Updated October 18, 2018 - 6:16 pm
WASHINGTON — Immigration policies by the Trump administration are fueling interest among Latino voters in the upcoming midterm election, a new poll shows.
A record number of 29 million Latinos nationwide are eligible to vote in the midterm election and the poll by Latino Decisions shows that 72 percent of those surveyed said they are likely to vote. The poll also found immigration to be the top issue for the fastest growing minority community.
“The Latino population across the country is engaged, and they will come out,” said Sen. Catherine Cortez Masto, D-Nev., in a phone interview from Las Vegas following a political rally this week. Cortez Masto has campaigned in a half dozen states on behalf of Democratic senators and challengers.
“In Nevada,” Cortez Masto said, “the energy is still here.”
Despite the current enthusiasm, historical tracking of Latino voters in past midterm elections shows low turnout and lagging participation, a malaise that has been a concern for Latino community leaders.
In fact, the Latino voter turnout rate in midterm elections has declined by percentage since 1986, when 38 percent voted in the midterm, to 2014 when only 27 percent of those eligible cast ballots, according to the Pew Research Center.
With large Latino populations in key political states like Nevada, Arizona, California, Texas and Florida, leaders and civic groups in the minority community have launched campaigns to register and increase participation at the polls in 2018.
“It’s about building political power in the community,” said Ben Monterroso, executive director of Mi Familia Vota, a national civic engagement organization with offices in Nevada and other states.
As civic groups work to register and urge voter participation, political parties and candidates are fighting to win the Latino vote in critical states where races could reshape the makeup of the House and Senate.
Latinos are on the ballot in Texas, Florida, California and other states. In Nevada’s hot Senate race, Republican Dean Heller has “Juntos con Heller,” and Democrat Jacky Rosen has a Latino advisory committee to reach out to Hispanic voters.
With less than three weeks before the Nov. 6 election, the tracking poll shows Latinos’ interest in the 2018 midterm is being fueled largely by immigration policies of the Trump administration and a family separation program installed by Homeland Security Secretary Kristjen Nielsen.
Arturo Vargas with the National Association of Latino Elected and Appointed Officials Educational Fund said the Latino Decisions polling shows immigration is a top issue for the minority community.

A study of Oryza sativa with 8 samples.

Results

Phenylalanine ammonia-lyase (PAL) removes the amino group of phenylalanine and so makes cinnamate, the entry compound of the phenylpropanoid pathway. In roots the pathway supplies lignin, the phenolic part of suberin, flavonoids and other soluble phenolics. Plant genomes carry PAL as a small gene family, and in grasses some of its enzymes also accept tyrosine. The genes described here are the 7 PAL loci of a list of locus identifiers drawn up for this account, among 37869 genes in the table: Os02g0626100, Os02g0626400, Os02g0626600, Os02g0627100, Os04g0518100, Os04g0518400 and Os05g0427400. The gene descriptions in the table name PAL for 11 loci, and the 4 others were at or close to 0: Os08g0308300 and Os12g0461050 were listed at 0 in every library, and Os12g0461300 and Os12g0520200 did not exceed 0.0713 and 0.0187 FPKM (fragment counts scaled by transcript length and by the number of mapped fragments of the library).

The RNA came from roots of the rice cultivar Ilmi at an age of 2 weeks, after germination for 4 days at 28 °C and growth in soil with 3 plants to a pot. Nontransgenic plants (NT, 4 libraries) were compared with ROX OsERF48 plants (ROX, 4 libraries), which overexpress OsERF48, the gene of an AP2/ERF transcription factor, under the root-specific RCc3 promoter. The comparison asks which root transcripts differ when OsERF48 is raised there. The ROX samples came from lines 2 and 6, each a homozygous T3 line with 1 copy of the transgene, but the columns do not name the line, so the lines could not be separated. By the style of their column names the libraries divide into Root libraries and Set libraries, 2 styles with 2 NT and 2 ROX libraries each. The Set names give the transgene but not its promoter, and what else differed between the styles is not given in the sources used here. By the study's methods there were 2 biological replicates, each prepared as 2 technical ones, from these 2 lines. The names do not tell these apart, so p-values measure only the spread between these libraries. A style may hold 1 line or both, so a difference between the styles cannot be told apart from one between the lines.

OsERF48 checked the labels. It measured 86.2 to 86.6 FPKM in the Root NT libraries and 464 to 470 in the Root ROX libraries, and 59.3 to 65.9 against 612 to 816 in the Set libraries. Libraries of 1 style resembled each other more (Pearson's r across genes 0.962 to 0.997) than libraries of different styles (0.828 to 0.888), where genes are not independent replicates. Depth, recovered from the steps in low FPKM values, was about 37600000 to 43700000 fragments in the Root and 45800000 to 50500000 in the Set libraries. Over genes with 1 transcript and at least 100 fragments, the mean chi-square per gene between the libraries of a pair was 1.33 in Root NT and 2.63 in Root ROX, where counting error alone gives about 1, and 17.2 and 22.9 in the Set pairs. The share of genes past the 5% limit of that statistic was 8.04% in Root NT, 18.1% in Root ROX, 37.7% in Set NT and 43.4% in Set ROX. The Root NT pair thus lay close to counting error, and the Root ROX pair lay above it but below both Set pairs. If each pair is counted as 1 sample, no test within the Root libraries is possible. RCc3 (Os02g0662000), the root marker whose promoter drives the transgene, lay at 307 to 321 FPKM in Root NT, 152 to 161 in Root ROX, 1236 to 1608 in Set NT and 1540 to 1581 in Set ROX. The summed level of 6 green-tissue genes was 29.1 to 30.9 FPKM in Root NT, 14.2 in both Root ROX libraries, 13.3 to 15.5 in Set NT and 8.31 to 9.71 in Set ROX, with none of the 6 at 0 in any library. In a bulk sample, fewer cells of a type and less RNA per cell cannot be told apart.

Vargas said Latinos are ready to do their part “by making our voices heard at the polls, but we are facing an uphill battle that will require us to mobilize ourselves since we are once again being taken for granted by Democrats and Republicans alike.”
Latino Decisions pollster Matt Barreto said the child detention and family separation issue resonates with the Hispanic community.
“Latino voters are saying they are ‘disgusted’ by the failure to reunite these children with their parents,” Barreto said, “and that anger is a critical ingredient to mobilization in 2018.”
Barreto served as a campaign consultant to Cortez Masto in her 2016 Senate race, where she won 80 percent of the state’s Latino vote.
Cortez Masto has recently campaigned in Latino communities in Wisconsin for Sen Tammy Baldwin, Ohio for Sen. Sherrod Brown, Florida for Sen. Bill Nelson, Missouri for Sen. Claire McCaskill and in Arizona for Kyrsten Sinema, the Democrat trying to win the seat being vacated by Republican Sen. Jeff Flake.
“I’ve been talking to Latinos all across the country,” Cortez Masto said, noting that the community is like any population, concerned about jobs, health care and immigration.
Cortez Masto, the first Latina to serve in the Senate, also is actively working in Nevada on behalf of Democratic candidates, including Rosen in the race against Heller, which is considered a “toss up” by political analysts.
Latinos in Nevada
Latinos make up 28 percent of the Nevada population, and 328,000 are eligible to vote, according to Pew Research Center figures from 2016.
But only 42 percent of eligible Latinos in Nevada are registered to vote, compared to 81 percent of eligible white voters in Nevada.
Monterroso with Mi Familia Vota said more than 13,500 new Latino voters have been registered over the past four years. The goal is to reach registration of 15,000 for this election with campaigns urging participation without party or candidate endorsement.
Historically, Latinos have been a Democratic voting bloc, and the Latino Decisions poll showed that 69 percent of respondents said they would likely vote for Democrats in the upcoming congressional elections, compared to just 23 percent who said they would vote for Republicans.
Republican Gov. Brian Sandoval won 48 percent of the Latino vote in the 2014 election, an increase from the 33 percent he received in 2010, when then-Sen. Harry Reid, a Democrat, won 69 percent of the Latino vote in Nevada, according to Pew.
President Donald Trump campaigned on tougher immigration enforcement, a Southwest border wall and slashing legal immigration numbers, issues that energize Republican base voters.
But Barreto said the president’s rhetoric, and family separation and detention policies have energized Latino voters “who are very upset about how these young children have been treated by the federal government.”
Trump characterized Democrats opposed to his immigration policies as embracing open borders that allow criminal gangs to enter the United States and prey on citizens. He said Democrats want to abandon the rule of law and abolish Immigration and Customs Enforcement, a proposal floated by some progressives.
Cortez Masto, though, said the Latino community sees Trump “as someone who is anti-immigrant.”
“They are ready to fight back,” she said. “They are saying no more.”